Perhaps more than any other filmmaker right now, or over the last few decades, even if you aren’t fluent in cinema, you can tell when you are watching a Wes Anderson picture. The man’s signature style has become so synonymous with quirk and quality, not just for the curious aesthetic style and whimsical sensibility that each story possesses, but also the recurring cast of performers with whom he chooses to work. It’s a gang that every actor wishes they were part of, and in his latest effort, Isle Of Dogs, a mixture of new and old Anderson favourites come together to lend their voices to his second animation.
Set in a dystopian Japan, the film tells the story of Atari Kobayashi (Koyu Rankin), a twelve year old boy who ventures to Trash Island in search of his dog Spots (Liev Schreiber), who, along with all other dogs, has been banished amid a frenzy of anti-canine hysteria whipped up by the sinister new mayor of Megasaki City. Helping Atari on his quest are Chief (Bryan Cranston), Rex (Edward Norton), King (Bob Balaban), Boss (Bill Murray) and Duke (Jeff Goldblum), a pack of eccentric and endearing Trash Island dogs who bring a real sense of Stand By Me meets Homeward Bound-like adventure and bonding to the proceedings.
The first thing to say is that Isle Of Dogs is a complete visual treat. Picking up where he left off in 2009’s brilliant Fantastic Mr. Fox, Anderson’s unique take on stop-motion animation is distinct and enchanting. Whether in the forefront or in the background, there is always something interesting going on visually, and the intricate nature of the design is something that really rewards repeat viewing.
For a seemingly whimsical tale of a young boy searching for his dog, the film covers a whole host of diverse themes from love and friendship to political corruption and murder, and it is much more ambitious than one might expect in the breadth and depth of its story telling. The wonderful deadpan humour that exemplifies Anderson’s live action work loses none of its charismatic yet jarring edge. The film has a number of laugh out loud moments to help punctuate the more steady rhythm of dry wit that remains a constant feature across the narrative, and much like Fantastic Mr. Fox, Isle Of Dogs feels like one of the filmmaker’s more accessible pictures in terms of the off-beat humour for which he is known.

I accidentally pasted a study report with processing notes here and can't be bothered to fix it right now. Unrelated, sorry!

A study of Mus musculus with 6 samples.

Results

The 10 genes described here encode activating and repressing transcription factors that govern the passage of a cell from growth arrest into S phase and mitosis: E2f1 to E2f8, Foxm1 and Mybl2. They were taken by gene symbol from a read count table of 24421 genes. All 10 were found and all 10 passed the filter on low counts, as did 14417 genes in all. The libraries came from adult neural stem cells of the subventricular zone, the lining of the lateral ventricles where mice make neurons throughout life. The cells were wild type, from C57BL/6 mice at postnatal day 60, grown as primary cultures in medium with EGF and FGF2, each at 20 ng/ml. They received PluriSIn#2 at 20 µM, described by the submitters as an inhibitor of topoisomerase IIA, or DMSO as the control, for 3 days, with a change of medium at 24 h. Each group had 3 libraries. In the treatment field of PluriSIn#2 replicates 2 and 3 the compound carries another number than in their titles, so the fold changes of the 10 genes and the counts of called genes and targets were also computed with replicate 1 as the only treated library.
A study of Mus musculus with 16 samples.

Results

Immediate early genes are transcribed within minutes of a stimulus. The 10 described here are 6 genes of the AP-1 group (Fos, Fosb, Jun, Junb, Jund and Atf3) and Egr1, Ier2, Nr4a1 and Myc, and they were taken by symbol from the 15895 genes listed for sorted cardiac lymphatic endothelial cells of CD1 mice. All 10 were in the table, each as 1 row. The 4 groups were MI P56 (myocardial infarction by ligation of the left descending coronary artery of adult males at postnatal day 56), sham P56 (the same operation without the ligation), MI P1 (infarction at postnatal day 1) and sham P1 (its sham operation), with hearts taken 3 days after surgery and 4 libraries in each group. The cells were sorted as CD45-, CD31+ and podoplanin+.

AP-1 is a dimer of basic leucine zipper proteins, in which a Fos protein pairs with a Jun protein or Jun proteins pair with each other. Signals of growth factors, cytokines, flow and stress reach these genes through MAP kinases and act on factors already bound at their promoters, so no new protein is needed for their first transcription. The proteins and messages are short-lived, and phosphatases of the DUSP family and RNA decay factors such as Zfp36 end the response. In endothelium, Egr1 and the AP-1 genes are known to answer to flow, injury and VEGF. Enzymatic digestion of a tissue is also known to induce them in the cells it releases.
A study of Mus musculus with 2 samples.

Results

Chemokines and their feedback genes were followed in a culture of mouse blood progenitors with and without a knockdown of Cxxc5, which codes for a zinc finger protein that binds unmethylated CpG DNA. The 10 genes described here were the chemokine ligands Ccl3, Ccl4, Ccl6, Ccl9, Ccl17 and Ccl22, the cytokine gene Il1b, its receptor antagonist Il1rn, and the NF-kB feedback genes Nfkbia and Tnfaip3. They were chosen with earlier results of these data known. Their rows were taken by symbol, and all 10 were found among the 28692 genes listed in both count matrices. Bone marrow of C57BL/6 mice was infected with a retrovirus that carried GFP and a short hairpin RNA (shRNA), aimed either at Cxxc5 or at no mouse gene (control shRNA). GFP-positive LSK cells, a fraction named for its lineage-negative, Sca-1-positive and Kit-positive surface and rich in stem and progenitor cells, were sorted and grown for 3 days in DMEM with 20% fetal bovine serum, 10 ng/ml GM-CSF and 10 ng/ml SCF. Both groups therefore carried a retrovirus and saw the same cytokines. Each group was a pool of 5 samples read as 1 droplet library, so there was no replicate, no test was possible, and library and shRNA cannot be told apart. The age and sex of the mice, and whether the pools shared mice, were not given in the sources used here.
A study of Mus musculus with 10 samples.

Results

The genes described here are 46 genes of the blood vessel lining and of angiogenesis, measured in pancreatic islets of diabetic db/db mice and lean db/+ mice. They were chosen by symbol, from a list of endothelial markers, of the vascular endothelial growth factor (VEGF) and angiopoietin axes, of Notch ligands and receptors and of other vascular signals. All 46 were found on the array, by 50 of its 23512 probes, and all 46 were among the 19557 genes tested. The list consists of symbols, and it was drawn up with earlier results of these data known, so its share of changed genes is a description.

Questions have cultural appropriation and sensitivity have been raised by some critics concerning the Japanese context of the film, and whilst I don’t necessarily share some of the same concerns, there is a glaring inclusion of the ‘white saviour’ trope in the form of a character voiced by Greta Gerwig. An American character, placed unconvincingly in the midst of this Asian dystopia feels a little too ‘forced audience surrogate’ for my taste, and feels a tad contrived in light of the more nuanced devices and techniques that Anderson uses. It’s not a perfect film, and personally I’d go for Fantastic Mr. Fox if you’re looking for the best animation in the filmmaker’s catalogue, but there’s no denying that Isle Of Dogs is an unusual and enigmatic treat with a pleasantly mature edge.
The bulk of memorable voice work is shared amongst the performers breathing character in to the gang of Trash Island dog sidekicks. As group leader Chief, Bryan Cranston is a new addition to the ‘Anderson set’, but his deadpan delivery with an slice of sincerity when needed is just what the doctor ordered. The likes of Bill Murray, Ed Norton and Jeff Goldblum are all at their quirky and eccentric best, and even in animated form the chemistry that the actors shares makes for really enjoyable listening.
Alongside the leading voice performances, there are several high profile cameos to listen out for including contributions by Frances McDormand, Scarlett Johansson, Harvey Keitel, Tilda Swinton, Anjelica Huston and even Yoko Ono! The plethora of distinctive voices adds another level of fun to the film, matching its aesthetic flare with a top notch list of stars who want to showcase their quirkier sides.
Overall, Isle Of Dogs is an unusual and interesting viewing experience. If you are not well versed in the work of Wes Anderson, then the film might come across as somewhat detached or perhaps too clinical for its, at times, very emotionally charged plot, but the signature off-beat style is something to embrace rather than fight against. Don’t expect the swell scores and twee tenderness of a more familiar Disney animal adventure. Instead, get ready to be inducted in to a world and imagination that is so vivid and stylised that it’s impossible not to be won over.